What you are talking about there is cycles - The short version of my answer to that is - it depends - are we still seeing mobility cycles (with Palm OS, Windows Mobile and Symbian being in the last cycle) or is the market place starting to shake out like the desktop market where two big players will dominate for at least a decade?
If shakes out like the desktop market there isn't a lot to say, if it's still a question of cycles then there is something to talk about - but I see WebOS as part of *this* cycle rather than the next (Who the winner in the next cycle will be is hard to say).
Tied to this, if Google and iOS are following the history of this section, I have to wonder if in secret labs somewhere they are currently working on iOS and Android replacements to ensure that they dominate in the next cycle.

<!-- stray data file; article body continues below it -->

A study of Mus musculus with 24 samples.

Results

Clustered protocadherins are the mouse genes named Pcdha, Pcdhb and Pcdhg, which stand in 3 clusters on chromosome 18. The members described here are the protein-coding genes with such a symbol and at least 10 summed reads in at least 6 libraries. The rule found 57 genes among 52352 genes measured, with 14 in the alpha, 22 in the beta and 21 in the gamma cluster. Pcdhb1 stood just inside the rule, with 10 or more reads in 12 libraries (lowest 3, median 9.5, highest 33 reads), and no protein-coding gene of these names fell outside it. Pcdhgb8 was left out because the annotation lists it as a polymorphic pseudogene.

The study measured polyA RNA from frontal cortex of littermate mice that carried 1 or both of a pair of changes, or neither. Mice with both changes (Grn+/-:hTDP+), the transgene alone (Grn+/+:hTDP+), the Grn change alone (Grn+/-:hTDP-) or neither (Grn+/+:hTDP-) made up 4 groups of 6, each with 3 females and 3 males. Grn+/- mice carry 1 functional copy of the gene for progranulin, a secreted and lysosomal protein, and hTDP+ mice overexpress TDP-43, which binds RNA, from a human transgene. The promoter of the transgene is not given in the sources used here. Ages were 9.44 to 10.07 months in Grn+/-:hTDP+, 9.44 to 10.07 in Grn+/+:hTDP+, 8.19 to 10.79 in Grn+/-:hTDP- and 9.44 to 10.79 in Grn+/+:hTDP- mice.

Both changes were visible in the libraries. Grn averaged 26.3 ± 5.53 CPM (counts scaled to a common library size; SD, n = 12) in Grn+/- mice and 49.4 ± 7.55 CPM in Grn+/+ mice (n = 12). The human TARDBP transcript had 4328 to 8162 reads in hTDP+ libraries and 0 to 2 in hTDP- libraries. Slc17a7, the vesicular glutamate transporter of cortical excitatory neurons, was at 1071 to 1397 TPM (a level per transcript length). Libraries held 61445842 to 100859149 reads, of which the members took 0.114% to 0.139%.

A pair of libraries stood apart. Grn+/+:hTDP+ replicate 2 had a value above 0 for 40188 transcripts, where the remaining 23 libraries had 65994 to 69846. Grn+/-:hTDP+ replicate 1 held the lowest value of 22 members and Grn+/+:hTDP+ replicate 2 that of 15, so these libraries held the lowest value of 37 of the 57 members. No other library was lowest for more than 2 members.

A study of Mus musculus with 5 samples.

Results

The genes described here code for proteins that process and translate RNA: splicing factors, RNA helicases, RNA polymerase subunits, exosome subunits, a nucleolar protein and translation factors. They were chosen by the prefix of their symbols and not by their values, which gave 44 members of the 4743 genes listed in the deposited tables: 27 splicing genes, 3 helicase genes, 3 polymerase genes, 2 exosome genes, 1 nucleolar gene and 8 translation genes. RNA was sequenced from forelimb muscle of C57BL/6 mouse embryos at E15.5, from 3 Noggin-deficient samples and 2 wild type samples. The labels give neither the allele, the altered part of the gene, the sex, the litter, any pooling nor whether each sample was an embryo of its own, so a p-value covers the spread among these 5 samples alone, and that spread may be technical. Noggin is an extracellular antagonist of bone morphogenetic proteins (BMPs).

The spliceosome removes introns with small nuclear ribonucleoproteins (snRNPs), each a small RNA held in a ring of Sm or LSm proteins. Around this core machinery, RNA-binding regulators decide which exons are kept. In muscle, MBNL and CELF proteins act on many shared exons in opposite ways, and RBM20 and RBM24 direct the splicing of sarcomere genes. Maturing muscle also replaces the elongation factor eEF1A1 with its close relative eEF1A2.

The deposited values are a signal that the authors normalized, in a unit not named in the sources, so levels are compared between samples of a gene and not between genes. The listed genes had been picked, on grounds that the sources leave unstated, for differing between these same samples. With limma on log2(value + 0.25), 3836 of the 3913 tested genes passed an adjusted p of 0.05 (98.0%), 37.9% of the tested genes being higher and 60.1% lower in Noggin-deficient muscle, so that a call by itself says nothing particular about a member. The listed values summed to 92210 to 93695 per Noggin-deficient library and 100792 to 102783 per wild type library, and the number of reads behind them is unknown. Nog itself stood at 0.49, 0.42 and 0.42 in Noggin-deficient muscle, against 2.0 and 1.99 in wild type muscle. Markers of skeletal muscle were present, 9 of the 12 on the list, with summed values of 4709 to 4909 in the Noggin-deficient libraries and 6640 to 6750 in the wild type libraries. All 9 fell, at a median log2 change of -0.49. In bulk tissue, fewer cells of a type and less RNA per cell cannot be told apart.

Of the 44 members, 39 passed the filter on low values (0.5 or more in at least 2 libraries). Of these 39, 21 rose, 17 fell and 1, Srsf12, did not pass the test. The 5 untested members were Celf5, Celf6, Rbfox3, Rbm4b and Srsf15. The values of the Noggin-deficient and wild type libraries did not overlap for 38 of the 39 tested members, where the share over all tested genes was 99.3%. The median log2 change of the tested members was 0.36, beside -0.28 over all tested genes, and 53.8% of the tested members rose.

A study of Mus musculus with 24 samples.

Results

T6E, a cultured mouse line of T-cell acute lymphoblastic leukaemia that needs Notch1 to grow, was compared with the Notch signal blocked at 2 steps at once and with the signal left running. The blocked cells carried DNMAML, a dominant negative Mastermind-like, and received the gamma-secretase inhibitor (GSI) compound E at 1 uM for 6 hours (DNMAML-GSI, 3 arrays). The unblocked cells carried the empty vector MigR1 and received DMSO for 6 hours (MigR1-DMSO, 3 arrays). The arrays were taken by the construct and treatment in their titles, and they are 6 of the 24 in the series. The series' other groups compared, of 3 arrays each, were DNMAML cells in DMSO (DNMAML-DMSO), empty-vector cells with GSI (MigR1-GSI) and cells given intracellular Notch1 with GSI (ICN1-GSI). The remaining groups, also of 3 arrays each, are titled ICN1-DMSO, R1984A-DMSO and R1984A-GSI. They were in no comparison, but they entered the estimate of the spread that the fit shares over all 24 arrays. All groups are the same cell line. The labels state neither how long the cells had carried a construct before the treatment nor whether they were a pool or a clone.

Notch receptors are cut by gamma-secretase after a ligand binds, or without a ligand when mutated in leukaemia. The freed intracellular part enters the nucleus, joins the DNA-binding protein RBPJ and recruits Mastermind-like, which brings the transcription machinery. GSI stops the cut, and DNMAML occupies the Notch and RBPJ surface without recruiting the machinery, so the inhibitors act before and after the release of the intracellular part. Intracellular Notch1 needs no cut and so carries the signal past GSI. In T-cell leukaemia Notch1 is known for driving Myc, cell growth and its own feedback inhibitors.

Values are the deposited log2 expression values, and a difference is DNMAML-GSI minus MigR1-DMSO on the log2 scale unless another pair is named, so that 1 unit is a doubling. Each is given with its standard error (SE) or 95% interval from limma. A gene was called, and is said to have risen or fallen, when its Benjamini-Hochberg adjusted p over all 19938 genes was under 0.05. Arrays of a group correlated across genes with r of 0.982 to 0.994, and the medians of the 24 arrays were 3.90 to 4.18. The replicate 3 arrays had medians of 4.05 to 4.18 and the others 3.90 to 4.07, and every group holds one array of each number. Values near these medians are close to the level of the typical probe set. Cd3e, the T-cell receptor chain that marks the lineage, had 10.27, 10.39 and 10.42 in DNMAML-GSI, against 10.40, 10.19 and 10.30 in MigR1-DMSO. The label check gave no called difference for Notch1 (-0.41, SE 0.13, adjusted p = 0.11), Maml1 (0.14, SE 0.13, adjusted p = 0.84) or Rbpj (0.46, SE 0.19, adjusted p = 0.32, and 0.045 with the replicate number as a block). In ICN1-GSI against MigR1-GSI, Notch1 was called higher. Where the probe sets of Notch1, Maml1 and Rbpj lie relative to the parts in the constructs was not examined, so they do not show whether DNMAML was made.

Even given that, the bottomline is that WebOS simply isn't even in the game until someone steps up and provides hardware to press into the hands of consumers - as I said on another thread, unless someone wants to rush out a piece of junk, we are surely looking at Q1 2013 (because the other sticker is it actually being open source) before we saw hardware. We could see it earlier but it will be from people like Coby.
None of the reasons for WebOS (as a commercial rather than hobbyist project) being a possible success matter until someone takes that step.
That's what the purchase of Motorola is for, so I'd expect to see some action once they take that company over (However that also creates the same problem that HP has - channel conflict with partners). Moreover, if Microsoft loses it's battle against B&N, that area will change greatly.
Google is not defending its hardware makers in court versus Microsoft and Apple's patent onslaughts, putting the hardware makers in a weak position.